Argentina forward Lautaro Martínez said Tuesday's shock 2-1 World Cup defeat to Saudi Arabia hurt badly as the Copa América champions' long unbeaten run came to a shuddering halt.
Lionel Messi gave Argentina – who came into the match on a 36-game unbeaten streak – an early lead from the penalty spot in Doha.
But Saleh Al-Shehri equalised early in the second half and Salem Al-Dawsari struck a sensational winner.
Argentina had three goals ruled out for offside in the opening period as their World Cup opener fell flat.
"It's clear we lost the game because of our own mistakes, above all in the second half," said Martínez, who plays for Inter Milan. “There are details that make the difference and we have to correct mistakes.”
He added: "In the first half we should have scored more than one goal, but that's the World Cup. Now we have to rest and think about what's ahead. Those are two finals now."
Two-time World Cup winners Argentina came into the tournament as one of the favourites but now face a battle to get out of Group C, with matches to come against Mexico and Poland.
"Without doubt [the next two games will be difficult]," said Martínez, who described them as “two finals.”
"Today was a difficult opponent too. We started like that and then in the second half we made mistakes. They make the difference in games. We have to correct them for the games to come."
"[It hurts] a lot. We wanted to start the World Cup with a win," he added.
"But this is over now and we have to train and think about what's to come," he said, looking ahead to the next match against Mexico.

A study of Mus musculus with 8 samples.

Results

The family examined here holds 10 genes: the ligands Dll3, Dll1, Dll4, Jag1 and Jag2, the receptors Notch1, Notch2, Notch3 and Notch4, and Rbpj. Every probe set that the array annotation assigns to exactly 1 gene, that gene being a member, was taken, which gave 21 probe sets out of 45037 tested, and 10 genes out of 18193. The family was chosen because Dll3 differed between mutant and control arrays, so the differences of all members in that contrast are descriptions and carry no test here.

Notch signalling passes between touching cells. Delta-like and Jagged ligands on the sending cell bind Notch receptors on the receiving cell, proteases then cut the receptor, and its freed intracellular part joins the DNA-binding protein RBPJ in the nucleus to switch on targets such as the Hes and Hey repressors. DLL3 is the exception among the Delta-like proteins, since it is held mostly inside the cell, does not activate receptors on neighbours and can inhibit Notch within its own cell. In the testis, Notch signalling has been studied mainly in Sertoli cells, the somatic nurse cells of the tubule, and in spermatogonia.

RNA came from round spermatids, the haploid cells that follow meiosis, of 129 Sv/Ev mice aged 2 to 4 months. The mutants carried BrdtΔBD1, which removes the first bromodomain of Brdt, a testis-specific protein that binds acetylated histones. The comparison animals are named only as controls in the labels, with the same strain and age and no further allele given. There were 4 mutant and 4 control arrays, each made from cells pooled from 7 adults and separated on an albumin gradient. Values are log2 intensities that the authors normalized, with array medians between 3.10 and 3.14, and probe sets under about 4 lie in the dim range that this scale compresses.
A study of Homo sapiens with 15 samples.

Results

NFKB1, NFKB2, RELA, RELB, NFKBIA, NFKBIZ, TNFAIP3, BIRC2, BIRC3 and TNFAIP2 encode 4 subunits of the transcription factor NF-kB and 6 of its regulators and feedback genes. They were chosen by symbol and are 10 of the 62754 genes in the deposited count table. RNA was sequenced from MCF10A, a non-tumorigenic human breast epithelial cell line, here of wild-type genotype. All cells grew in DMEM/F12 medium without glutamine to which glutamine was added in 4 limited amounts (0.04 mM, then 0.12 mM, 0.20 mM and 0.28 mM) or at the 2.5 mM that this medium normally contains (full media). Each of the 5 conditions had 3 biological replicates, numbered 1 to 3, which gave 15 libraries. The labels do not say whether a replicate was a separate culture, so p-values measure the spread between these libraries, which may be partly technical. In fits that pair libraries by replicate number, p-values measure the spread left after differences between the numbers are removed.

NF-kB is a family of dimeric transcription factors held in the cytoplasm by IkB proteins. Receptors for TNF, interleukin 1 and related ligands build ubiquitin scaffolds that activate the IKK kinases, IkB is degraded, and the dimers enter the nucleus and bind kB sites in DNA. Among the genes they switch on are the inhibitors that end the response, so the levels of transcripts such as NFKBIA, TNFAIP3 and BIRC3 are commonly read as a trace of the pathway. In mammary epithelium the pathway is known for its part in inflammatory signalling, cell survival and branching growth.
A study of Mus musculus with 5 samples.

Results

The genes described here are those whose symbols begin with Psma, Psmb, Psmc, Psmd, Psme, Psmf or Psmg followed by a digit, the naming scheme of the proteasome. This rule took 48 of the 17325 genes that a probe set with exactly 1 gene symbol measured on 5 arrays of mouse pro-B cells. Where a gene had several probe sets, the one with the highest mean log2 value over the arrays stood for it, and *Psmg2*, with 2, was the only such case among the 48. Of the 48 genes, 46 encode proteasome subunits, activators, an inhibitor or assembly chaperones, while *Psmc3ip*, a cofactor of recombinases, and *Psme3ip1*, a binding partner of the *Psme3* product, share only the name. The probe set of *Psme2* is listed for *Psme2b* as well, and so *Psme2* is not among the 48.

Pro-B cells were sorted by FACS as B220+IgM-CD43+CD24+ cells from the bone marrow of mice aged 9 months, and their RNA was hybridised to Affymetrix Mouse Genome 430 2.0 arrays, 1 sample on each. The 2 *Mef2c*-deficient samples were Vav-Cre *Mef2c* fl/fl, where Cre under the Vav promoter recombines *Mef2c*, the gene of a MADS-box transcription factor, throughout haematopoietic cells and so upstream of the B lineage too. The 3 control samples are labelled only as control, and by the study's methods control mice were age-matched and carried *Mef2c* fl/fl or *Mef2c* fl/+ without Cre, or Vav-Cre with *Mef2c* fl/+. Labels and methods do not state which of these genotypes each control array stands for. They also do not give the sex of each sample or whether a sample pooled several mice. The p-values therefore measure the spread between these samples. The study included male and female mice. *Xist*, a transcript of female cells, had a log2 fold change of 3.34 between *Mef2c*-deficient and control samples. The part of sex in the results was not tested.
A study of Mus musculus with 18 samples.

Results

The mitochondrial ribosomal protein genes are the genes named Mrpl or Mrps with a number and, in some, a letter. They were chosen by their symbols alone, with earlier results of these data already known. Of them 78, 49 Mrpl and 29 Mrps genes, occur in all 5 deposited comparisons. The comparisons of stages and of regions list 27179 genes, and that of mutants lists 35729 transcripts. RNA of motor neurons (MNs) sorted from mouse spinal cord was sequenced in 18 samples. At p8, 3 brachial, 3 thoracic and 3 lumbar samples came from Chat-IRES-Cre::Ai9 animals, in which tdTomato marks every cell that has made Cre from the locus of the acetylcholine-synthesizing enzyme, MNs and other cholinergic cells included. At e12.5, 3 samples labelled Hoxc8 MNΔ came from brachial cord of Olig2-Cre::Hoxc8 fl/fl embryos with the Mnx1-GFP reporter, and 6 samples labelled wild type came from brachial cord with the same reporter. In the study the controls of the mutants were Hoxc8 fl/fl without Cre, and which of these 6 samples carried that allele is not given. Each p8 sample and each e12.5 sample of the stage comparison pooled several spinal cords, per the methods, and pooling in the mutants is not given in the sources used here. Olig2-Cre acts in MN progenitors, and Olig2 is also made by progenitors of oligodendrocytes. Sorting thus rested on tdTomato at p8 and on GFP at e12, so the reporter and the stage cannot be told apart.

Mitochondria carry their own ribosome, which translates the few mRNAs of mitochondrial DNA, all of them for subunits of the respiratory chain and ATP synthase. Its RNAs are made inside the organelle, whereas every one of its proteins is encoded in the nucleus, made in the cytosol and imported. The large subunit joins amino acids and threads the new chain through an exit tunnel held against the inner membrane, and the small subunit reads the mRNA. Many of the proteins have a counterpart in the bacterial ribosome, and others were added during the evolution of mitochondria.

Argentina’s goalkeeper Emiliano Martínez admitted the team was "hurt" by the loss. He said Saturday’s clash with Mexico "is our first World Cup final."
"We are hurt, very hurt by the first defeat and at a World Cup too. Today we expected to play [the match] like a final, [but] we didn't," said the Aston Villa stopper in the mixed zone after the match.
"When we scored the first goal, we relaxed a bit and we weren't as forceful enough to score two or three. We relaxed a bit and we paid for it," he admitted.
"As a group, the anxiety and the way we played gave us a bit of a shock," said Martínez, concluding that "Saturday is our first World Cup final."
We must qualify, says Saudi striker
Saleh Al-Shehri, scorer of Saudi Arabia's opening goal, was upbeat about his side’s chances of qualifying for the second round.
"We had a lot of confidence in ourselves and we proved we were up to the challenge. An attacker wants to score in every game. If an individual works towards his target, nothing can stop him," he told BeIn Sports.
"We are aiming for the last 16 and this is the first stage. We have two games left [against Mexico and Poland]. After this victory, it's forbidden not to qualify," he concluded.
Centre-back Saud Abdul Hamid, meanwhile, was more measured.
"We have worked hard for three years and, thanks to God, we won today against the favourite to win the World Cup. Playing against Argentina and against the best player in the world gives you a strong motivation to qualify" for the second round, he told reporters.
"We are happy today and we will forget about it tomorrow and think about the next game. God willing, we will qualify," he added.